Although most people who come to your door will be genuine, not all are. If a burglar can get into your home without having to go to the effort of breaking in, they may try. Taking these extra safety precautions will help you avoid being duped by a potential burglar.
What is a Bogus caller?
Bogus callers are people who pretend to be someone they are not, like a workman, or a member of staff from a utility company. Such callers could be looking to commit a distraction burglary: they want to trick their way into your home in order to steal. Always be cautious about any unknown man, woman, or child who comes to your door, without arranging it with you first.
Use your door viewer, or look through your front window to see who is there.
When anyone claiming to be from a service company comes to the door, always ask for their ID and call the customer services department to confirm it. Any genuine caller will not mind waiting. Most utility companies operate password schemes, so call yours and set one up. Any of their representatives will know this when they come to your house.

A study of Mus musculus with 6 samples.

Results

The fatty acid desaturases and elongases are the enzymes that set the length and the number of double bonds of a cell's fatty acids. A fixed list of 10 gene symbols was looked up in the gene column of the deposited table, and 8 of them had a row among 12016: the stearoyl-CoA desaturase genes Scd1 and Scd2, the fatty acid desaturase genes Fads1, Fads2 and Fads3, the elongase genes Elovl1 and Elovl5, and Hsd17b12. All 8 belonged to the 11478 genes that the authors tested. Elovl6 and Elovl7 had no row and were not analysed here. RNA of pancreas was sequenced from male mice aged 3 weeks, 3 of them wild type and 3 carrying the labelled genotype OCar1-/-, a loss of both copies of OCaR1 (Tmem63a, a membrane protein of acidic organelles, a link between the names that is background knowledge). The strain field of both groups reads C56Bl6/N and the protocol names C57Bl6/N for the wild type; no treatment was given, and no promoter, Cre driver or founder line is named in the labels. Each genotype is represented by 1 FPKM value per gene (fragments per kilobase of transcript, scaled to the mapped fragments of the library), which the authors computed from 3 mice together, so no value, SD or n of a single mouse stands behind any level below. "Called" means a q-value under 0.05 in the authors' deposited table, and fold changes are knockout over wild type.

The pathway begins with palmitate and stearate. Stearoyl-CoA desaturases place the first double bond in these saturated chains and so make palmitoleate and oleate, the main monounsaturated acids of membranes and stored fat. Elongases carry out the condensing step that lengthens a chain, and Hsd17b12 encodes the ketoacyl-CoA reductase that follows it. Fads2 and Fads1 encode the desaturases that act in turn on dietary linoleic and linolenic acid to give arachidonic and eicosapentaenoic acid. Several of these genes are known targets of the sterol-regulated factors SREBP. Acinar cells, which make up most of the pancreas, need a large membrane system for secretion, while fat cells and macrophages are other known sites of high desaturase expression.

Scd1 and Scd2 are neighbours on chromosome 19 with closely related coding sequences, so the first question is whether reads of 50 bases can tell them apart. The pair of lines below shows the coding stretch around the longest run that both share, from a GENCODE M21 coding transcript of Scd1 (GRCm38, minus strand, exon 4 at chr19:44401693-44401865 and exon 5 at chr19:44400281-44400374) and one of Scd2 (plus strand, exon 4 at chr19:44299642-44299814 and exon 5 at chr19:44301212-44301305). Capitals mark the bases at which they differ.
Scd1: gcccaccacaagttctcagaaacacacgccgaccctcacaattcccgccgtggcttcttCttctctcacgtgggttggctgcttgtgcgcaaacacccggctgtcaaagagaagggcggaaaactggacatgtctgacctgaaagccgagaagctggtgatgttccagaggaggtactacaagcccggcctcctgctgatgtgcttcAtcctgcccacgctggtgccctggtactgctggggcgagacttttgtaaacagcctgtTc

Genuine trades people should carry photo ID. Keep the door closed while you check it thoroughly, and call their head office if you feel unsure. Be wary of anyone who claims they are in a hurry and needs to get into your home quickly.
Never let anyone take you to the bank to withdraw money.
If you feel at all unsure, schedule a time for the caller to come back again when a friend or relative can be with you.
Additional advice for the Elderly
While the elderly often feel more concerned about crime, they are actually less likely than other people to be victims. Measures like these will make you feel even more secure:
- Always check who’s at the door and don’t open it if you feel anxious.
- Never keep large amounts of cash in your home.
- Don’t keep your pension book somewhere obvious – like the hallway or a kitchen drawer.
- Ask your council if they operate any security schemes and, if so, ask to join them.